A blaze that engulfed two homes in the Painter-Barclay area of Campbell River June 29 presented challenging conditions for fire crews due to the speed with which it spread and the impact of high ambient temperatures on the firefighters.
With the thermometer in the mid-30s, Campbell River Fire Rescue was called out to Barclay Road around 1:40 p.m. to a fire that initially started in a RV but which quickly spread to adjacent houses.
“Our dispatch centre received multiple 911 calls reporting initially what looked to be an RV on fire next to a home and then subsequent reports where the RV exploded and the home was also on fire,” Fire Chief Thomas Doherty said. “When crews were responding to the scene we were updated that the fire had spread to a second home.”
When crews arrived at the scene one home was fully engaged and a second home adjacent to it had fire in the roof.
Neighbourhood resident Jane Toso was sitting in her living room when a loud bang rattled the windows, she said.
“I jumped up and opened the front door when there was a second bang. It sounded like a gun shot so I hesitated but when I looked up, I could see a large flame and black smoke seemingly coming from the house directly across the street. It was actually the house behind that on Barclay.”
“Many people had called 911 so the (fire) trucks arrived pretty quickly. It looked like it was very hard to control and quickly spread to the next house. It was very sad and scary to watch,” Toso said. “I am so thankful for our fire department working so hard to ensure the fire didn’t go farther.”
Doherty said fire crews had to deal with hydro lines down and natural gas and propane issues as well. Lines were quickly deployed to protect two other homes from exposure to the fire and then attention was turned to suppressing the blaze. Initially, firefighters were advised that not all occupants of the homes were accounted for and so began planning for a rescue. It was soon verified, however, that everyone had escaped the fire unharmed.
Doherty agreed it was an intense fire that spread quickly and that is a bit of a trend with fire calls.
“We’re starting to see that trend where these homes are going up really quickly and this one here, obviously, with the explosions, it was a quick moving fire. There was heavy (firefighter) involvement right off the bat. But it is something we’re noticing the last few years is these homes are really going up faster,” Doherty said.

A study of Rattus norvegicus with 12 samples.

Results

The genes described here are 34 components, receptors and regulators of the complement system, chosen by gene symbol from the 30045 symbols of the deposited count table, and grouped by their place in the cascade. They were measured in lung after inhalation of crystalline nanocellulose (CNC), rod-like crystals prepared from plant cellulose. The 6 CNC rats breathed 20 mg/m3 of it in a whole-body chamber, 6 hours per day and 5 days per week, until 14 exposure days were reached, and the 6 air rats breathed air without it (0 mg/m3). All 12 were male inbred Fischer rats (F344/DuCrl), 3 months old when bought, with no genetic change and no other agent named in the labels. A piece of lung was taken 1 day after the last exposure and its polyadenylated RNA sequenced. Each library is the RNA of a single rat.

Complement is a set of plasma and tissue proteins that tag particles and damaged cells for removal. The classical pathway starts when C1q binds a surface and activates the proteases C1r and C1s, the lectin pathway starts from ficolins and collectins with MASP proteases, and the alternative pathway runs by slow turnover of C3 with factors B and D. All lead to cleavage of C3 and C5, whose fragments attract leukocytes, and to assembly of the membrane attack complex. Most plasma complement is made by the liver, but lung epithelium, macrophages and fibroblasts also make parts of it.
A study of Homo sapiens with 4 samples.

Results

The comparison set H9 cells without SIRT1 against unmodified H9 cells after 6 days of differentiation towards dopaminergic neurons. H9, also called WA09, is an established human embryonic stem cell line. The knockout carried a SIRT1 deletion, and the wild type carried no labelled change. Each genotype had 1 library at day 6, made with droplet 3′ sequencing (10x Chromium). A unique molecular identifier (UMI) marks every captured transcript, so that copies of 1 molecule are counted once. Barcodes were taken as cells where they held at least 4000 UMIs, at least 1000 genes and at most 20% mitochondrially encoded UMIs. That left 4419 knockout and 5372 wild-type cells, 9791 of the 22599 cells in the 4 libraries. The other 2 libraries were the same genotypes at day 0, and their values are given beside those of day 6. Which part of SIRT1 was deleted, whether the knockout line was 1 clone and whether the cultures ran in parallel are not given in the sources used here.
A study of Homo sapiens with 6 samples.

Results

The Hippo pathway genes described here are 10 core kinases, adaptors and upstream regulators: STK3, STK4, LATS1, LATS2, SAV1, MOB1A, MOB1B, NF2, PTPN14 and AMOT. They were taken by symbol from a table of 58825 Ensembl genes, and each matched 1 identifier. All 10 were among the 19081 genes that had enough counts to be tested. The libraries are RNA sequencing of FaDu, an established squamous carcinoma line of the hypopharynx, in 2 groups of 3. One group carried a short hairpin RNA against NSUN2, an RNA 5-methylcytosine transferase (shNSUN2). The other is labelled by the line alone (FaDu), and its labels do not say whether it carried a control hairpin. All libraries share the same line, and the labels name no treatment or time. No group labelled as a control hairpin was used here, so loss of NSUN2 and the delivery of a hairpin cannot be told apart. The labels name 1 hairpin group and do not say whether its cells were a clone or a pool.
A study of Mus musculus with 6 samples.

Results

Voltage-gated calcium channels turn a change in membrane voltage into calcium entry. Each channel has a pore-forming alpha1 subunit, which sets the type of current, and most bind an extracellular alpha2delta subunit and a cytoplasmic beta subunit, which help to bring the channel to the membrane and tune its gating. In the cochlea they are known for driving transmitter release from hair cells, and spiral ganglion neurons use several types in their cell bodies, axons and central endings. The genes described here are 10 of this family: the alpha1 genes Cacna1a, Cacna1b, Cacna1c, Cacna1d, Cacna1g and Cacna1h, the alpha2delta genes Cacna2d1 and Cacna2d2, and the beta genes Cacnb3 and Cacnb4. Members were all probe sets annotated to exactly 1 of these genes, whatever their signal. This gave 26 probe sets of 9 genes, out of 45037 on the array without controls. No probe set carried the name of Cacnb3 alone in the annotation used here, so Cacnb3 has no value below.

That trend can be attributed to construction materials being used these days with a lot more petroleum-based products and synthetics and “it really spreads fast,” Doherty said.
Another factor is the time of year and people leaving their windows open to deal with higher temperatures. That introduces ventilation and more air fueling the fire.
The heat of the day also speeds things up a little bit, Doherty said. And it doesn’t make things easier for firefighters either.
Campbell River Fire Rescue “exhausted all their resources” and had to call in Oyster Fire Department to help cover off the city while 31 firefighters were involved in the Barclay Road fire.
In addition, BC Ambulance crews around the province are also struggling to keep up with the sheer number of calls boosted by the heat and so weren’t immediately available to help fire crews at the scene. It is standard procedure for BC Emergency Health Services paramedics to attend fires to help fire crews sub each other on and off. The paramedics provide rehab services monitoring firefighters and providing them with oxygen, hydration and any first aid needed before they go back into a fire again.
“With BC Ambulance being as busy as they are, they weren’t available to assist us at the scene for quite some time. They did show up eventually. So that was a bit concerning, not having them on site with us to look after our firefighters, should we have needed them,” Doherty said.
Paramedics did arrive and a rehab centre was set up with fans, water and food onsite and a neighbour even provided a sprinkler system to help cool the area down.
A fire truck was left on the scene until the evening to put out any hotspots with crews returning throughout the night to check on it.
Doherty said he was not surprised that neighbours heard some loud bangs during the fire. He attributed them to propane tanks, vehicle tires and natural gas lines exploding throughout the fire.
“There was a lot of pops and bangs going on,” Doherty said.
Investigators were on the scene June 30 to determine a cause and would be focusing on the area around the RV.